The exhibition is currently in production to be realised in Berlin. The current text consists of the initial proposal for exhibition spaces.
Artist: Brigitte Maria Mayer
The Book of Revelations is perhaps the most intriguing and obscure book in the Bible, set in an atemporal space it contrasts strongly with other moments of the book where narration unfolds in a determinate space and time. Revelations is set in an indeterminate future and its inevitable conclusion always lurking in our minds. Even to those not familiar with the writings the concept of the Apocalypse is overall well known, exhaustively reproduced and explored in popular culture through movies, books, and television shows.
With this new body of work, Mayer explores the infinite representation possibilities of the Apocalypse, creating alternative imagery that connects her source to immediate topics of today’s politics, identity, economics, and social behavior. An overall arc of the end of times unfolds with all its core characters that are intrinsically connected by the narrative, and expand independently to different realms of meaning. Individually, Mayer’s artworks have worlds of their own, allowing visitors to unravel narratives and juxtapositions. Just like in our world today, no argument is linear, no answer is final.
The cinematic is present throughout the series to convey drama and immediacy. The gold background is a constant imposing presence that dialogues with contemporary theatre and the Byzantine period heavenly representations, both elements merge in a progression of scenes, as in a film that reveals itself all at once.
The Revelation iconography throughout art history has not been an easy subject to portrait, the stories miss visual tangibility and clear subject definition allowing alternative representations. This plurality also resonates in today’s multiple narratives unfolding simultaneously in the public sphere in Europe. If the rise of right populist parties across Europe contrast with increasing feminism, queer and other minorities achievements are perhaps caused by a society that is failing in understanding the other. The stark isolation that Mayer imposes to her subjects in this immaterial golden apocalyptical world becomes in itself a comment to intellectual isolationists behavior. In this situation, the other becomes any other presence outside ourselves, an unknown specimen.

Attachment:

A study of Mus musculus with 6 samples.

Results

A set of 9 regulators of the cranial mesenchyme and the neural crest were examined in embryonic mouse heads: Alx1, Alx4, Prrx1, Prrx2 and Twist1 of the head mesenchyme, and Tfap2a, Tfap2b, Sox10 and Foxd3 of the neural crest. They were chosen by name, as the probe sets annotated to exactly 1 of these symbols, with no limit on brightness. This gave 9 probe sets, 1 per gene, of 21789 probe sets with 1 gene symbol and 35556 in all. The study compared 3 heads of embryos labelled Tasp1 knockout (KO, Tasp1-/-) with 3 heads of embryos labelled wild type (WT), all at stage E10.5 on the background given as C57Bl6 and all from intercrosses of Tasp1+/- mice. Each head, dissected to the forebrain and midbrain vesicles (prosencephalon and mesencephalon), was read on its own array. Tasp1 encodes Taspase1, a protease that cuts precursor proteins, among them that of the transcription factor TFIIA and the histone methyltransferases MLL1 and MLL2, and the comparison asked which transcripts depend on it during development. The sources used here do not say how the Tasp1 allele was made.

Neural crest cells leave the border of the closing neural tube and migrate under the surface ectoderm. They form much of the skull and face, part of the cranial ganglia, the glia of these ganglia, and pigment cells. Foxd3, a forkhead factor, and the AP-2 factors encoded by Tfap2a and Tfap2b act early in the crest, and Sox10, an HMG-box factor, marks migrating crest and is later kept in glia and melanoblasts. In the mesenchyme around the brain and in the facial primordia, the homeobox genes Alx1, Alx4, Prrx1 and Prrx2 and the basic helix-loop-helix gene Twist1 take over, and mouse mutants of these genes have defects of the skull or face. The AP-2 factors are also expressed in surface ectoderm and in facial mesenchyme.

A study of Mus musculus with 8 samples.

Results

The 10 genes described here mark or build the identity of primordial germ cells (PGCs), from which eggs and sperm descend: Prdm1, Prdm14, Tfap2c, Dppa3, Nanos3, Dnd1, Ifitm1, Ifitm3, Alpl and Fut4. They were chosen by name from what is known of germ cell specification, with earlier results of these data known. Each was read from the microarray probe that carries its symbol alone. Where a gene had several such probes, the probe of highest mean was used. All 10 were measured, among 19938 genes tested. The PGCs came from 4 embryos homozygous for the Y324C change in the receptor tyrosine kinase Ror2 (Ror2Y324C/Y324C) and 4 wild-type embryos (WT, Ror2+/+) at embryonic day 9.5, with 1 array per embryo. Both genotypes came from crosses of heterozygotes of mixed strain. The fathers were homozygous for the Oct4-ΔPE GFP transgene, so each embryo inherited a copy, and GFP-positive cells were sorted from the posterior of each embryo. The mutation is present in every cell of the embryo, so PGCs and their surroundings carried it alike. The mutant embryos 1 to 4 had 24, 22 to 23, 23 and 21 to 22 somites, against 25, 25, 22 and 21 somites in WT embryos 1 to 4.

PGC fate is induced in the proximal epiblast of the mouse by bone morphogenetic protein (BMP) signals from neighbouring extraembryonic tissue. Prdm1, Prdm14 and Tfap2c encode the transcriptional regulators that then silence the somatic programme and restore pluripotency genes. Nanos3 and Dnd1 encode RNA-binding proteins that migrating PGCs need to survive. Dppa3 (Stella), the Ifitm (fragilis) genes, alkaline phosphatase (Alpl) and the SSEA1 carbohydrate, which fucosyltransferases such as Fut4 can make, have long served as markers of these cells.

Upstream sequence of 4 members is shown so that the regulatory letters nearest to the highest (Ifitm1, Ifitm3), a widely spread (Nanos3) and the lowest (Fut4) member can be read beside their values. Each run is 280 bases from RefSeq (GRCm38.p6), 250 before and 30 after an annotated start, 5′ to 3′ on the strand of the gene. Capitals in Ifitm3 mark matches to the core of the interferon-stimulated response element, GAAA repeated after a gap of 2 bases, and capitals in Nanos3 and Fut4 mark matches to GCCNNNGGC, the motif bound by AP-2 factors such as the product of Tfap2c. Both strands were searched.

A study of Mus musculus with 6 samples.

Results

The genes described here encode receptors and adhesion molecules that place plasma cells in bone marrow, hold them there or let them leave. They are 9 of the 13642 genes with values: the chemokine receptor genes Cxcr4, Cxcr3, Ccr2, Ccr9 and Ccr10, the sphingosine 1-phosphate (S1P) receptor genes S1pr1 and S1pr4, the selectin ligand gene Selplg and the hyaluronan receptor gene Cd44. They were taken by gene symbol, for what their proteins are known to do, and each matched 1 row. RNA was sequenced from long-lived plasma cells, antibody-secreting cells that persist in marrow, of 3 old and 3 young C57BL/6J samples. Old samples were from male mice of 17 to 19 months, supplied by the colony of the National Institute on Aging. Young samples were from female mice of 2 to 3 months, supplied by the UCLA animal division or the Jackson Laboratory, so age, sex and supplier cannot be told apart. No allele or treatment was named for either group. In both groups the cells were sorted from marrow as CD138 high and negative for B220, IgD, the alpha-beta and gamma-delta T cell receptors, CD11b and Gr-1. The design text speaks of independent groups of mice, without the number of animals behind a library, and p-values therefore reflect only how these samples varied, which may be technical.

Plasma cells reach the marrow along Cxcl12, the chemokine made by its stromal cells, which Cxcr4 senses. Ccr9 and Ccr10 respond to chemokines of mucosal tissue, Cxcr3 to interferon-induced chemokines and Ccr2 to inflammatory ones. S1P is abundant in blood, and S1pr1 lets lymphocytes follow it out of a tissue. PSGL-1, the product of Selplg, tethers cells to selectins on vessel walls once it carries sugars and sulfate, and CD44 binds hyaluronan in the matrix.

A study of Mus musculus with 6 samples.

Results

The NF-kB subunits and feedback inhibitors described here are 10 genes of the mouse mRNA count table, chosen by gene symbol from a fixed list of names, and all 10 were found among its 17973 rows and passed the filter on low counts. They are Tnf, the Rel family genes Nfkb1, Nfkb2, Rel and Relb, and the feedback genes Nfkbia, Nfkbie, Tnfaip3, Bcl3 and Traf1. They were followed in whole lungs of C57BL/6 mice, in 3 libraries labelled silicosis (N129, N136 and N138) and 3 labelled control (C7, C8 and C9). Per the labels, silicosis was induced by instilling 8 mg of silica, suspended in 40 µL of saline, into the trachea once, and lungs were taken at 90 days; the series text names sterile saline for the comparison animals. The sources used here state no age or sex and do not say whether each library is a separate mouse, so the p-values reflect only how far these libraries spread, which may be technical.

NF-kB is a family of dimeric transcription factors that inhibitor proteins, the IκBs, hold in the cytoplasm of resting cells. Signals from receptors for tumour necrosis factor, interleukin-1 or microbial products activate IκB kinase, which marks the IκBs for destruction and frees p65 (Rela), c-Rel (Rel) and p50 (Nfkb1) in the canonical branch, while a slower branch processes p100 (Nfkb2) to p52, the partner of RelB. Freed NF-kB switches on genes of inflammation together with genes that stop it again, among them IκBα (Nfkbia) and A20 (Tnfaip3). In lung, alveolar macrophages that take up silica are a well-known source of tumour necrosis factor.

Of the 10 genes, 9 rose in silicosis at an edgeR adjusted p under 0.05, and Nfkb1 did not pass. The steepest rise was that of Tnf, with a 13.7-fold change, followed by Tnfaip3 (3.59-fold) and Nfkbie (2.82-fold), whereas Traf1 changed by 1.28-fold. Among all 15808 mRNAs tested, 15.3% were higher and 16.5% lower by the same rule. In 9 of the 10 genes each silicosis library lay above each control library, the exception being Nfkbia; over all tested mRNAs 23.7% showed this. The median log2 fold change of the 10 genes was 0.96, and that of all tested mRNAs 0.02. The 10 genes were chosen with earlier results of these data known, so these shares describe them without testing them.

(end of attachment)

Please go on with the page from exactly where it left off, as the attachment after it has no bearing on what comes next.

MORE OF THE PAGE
Mayer’s series Reveal is a journey through despair, violence, beauty, and hope. By directing and orchestrating elements and characters, the artist offers a multi-universe of narratives that go beyond the Book of Revelation and rapidly overtakes our nurtured intellectual and political positions. The artworks offer to the viewer an inner debate, in one side Mayer’s portraits and on the other the viewer’s gaze. The iconography is formed by both, the artist and the viewer, the end of the world as a way to rediscover our own times.
Brigitte Maria Mayer is a photographer, director, and producer, based in Berlin. Born in 1965 she grew up in a small Catholic city in Bavaria before she studied photography and performance at the Hochschule für visuelle Kommunikation Kassel (1986-1990). Her work is known for the adaption of mythologic and historical subjects. Recurrent she deals with the topic of trauma and sexual identity. She was married to the dramatist Heiner Müller until his death in 1995, with whom she has one daughter Anna Müller.